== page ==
What are LSI keywords and why do they matter?
Many operating in the digital marketing workforce have asked this question recently—and for good reason. LSI, or Latent Semantic Indexing, simply put is a method Google uses to make sense of a website's content.
As Google evolves, so does it's ranking algorithm. In order to implement content marketing strategies effectively in today's webspace, one must have a working understanding of what LSI keywords are and how they are used.
Where do keywords come into play?
For SEOs, paid search managers, bloggers, and anyone else involved with Inbound Marketing, keywords serve as the blueprint for their strategy.
Keywords are what SERPs (search engine result pages) are made of—they provide the answer to a searcher's query. These queries range from single word broad terms to multi-word long tail searches.
Google has dominated the search engine competition because it's known to produce the most relevant and authoritative results. These results are often considered synonymous with the truth. Showing up on the SERP will make or break a website's traffic.
How Google provides answers to questions has been an epic journey in and of itself. In the days of old, digital marketers could get away with abusing how keywords were indexed and retrieved. This process was commonly referred to as keyword stuffing. Shady marketers would trick Google by repeating their target keyword in the web address, title, header, meta description, meta keywords, ALT tags, and obnoxiously in the body. Some such marketers known as "black hats" would even spam their keyword in white font on a white background in the footers of pages. It feels spammy just describing those old tactics.
Keyword stuffing is over.
More than ever Google understands the meaning of web content. The LSI system cuts down on keyword stuffing. If a web's content doesn't make sense in context or feels spammy, sooner or later Google will drop the penalty hammer on it. This is because Google analyzes a searcher's intent.
What's search intent?
Couples in love know the feeling of being able to finish one another's sentences. Well, Google takes that to a whole new level.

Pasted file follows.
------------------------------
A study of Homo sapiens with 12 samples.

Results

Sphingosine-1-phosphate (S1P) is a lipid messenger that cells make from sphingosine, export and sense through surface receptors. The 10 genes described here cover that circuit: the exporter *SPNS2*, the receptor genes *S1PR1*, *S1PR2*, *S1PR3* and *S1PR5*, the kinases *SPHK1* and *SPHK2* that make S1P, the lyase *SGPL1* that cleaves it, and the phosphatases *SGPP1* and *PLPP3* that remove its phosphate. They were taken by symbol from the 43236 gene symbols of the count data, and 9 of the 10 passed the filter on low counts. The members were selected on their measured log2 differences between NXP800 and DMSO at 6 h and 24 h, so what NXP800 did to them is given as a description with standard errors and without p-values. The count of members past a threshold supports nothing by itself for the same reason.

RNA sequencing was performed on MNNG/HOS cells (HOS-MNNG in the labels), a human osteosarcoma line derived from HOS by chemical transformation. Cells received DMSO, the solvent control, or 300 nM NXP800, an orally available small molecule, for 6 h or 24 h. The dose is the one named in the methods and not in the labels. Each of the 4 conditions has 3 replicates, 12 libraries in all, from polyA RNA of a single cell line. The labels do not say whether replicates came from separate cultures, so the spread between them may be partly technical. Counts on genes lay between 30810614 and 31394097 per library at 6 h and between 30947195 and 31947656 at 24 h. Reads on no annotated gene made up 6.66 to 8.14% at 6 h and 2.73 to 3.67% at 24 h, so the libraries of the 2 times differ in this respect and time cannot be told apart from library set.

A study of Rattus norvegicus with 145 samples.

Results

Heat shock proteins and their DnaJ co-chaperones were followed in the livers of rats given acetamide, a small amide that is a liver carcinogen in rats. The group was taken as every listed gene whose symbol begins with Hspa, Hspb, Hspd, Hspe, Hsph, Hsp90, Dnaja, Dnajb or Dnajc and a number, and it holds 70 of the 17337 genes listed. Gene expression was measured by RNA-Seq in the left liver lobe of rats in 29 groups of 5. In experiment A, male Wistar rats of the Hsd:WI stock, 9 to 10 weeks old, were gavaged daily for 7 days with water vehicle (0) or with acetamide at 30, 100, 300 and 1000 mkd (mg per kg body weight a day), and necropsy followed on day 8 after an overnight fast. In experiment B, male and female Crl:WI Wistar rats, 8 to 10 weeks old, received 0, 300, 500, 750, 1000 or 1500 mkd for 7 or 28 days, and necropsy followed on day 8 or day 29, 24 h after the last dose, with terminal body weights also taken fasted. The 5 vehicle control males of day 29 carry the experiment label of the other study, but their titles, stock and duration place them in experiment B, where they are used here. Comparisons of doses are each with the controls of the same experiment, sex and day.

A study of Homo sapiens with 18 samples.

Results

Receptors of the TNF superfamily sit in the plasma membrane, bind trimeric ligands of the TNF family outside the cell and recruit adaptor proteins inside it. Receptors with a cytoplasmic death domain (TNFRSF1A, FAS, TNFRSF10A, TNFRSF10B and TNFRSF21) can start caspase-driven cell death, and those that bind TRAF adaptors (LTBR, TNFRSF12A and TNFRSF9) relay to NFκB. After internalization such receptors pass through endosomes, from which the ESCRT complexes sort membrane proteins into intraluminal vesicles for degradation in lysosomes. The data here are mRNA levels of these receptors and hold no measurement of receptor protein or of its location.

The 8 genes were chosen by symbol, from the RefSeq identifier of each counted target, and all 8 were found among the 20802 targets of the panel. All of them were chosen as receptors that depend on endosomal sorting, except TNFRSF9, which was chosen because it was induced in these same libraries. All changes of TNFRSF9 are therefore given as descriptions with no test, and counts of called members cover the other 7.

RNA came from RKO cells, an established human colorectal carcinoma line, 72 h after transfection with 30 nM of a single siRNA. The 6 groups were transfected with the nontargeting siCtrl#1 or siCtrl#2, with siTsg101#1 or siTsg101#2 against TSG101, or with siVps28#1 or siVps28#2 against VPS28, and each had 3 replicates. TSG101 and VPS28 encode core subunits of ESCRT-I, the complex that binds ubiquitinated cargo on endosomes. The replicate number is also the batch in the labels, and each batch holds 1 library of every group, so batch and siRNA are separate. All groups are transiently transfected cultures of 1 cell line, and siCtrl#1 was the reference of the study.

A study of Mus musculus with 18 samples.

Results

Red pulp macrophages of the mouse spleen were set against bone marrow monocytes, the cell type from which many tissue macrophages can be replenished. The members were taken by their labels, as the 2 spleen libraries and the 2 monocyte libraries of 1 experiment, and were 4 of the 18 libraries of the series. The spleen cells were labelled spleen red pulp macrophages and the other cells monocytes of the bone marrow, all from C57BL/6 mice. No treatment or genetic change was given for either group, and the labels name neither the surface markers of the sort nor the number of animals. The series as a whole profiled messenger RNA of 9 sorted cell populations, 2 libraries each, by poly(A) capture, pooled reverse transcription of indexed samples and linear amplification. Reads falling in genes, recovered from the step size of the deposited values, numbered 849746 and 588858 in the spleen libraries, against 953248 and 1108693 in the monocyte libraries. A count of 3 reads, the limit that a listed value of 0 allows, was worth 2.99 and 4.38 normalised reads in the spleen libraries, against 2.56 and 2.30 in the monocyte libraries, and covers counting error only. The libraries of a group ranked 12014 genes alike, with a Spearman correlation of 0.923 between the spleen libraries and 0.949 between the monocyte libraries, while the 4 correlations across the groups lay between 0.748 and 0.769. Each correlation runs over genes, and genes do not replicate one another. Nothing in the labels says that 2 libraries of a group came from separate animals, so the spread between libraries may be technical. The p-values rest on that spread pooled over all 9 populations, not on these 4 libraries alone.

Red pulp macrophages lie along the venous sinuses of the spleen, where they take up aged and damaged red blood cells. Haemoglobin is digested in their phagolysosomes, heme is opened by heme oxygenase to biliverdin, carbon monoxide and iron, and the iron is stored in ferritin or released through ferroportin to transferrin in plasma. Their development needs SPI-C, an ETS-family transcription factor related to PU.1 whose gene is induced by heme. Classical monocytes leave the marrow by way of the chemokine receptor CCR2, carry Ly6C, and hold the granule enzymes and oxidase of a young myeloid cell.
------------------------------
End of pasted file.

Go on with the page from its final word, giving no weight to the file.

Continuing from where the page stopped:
There are three levels of search intent: transactional, informational, and navigational.
- Transactional - Users are looking to make a transaction.
- Informational - The searcher is seeking to learn something.
- Navigational - Search users are looking for something specific.
Let's take the word dog for example. How a user searches for the word dog can tell Google a lot.
- Transactional - Users looking to obtain a dog will search for terms like "dog shelters," "purebred dog prices," or "Doberman Pinscher puppies for sale."
- Informational - Those seeking information may search for "dog life expectancy," "how to teach an old dog new tricks," or "where is my dog?"
- Navigational - This search could look like: "who starred in Reservoir Dogs," "who let the dogs out?" or "2012 best of show dog." Google not only answers what a user wants but why a user wants it.
Searchers and marketers use multi-word searches for the same reason: to provide detailed answers for detailed questions.
I mentioned previously that Google strives to provide the most authoritative and relevant results. Marketers can use this tool to find highly relevant LSI keywords. Another method of finding suggestions is to type your search into Google and take note of the provided section: "searches related to keyword." While there are other means of compiling a solid list, these are the most simple.
Writing for human beings and web crawlers alike is a tricky and intensive business. Good thing highly trained, professional Inbound Marketing companies like Invoq Marketing Agency exist to help content development and SEO.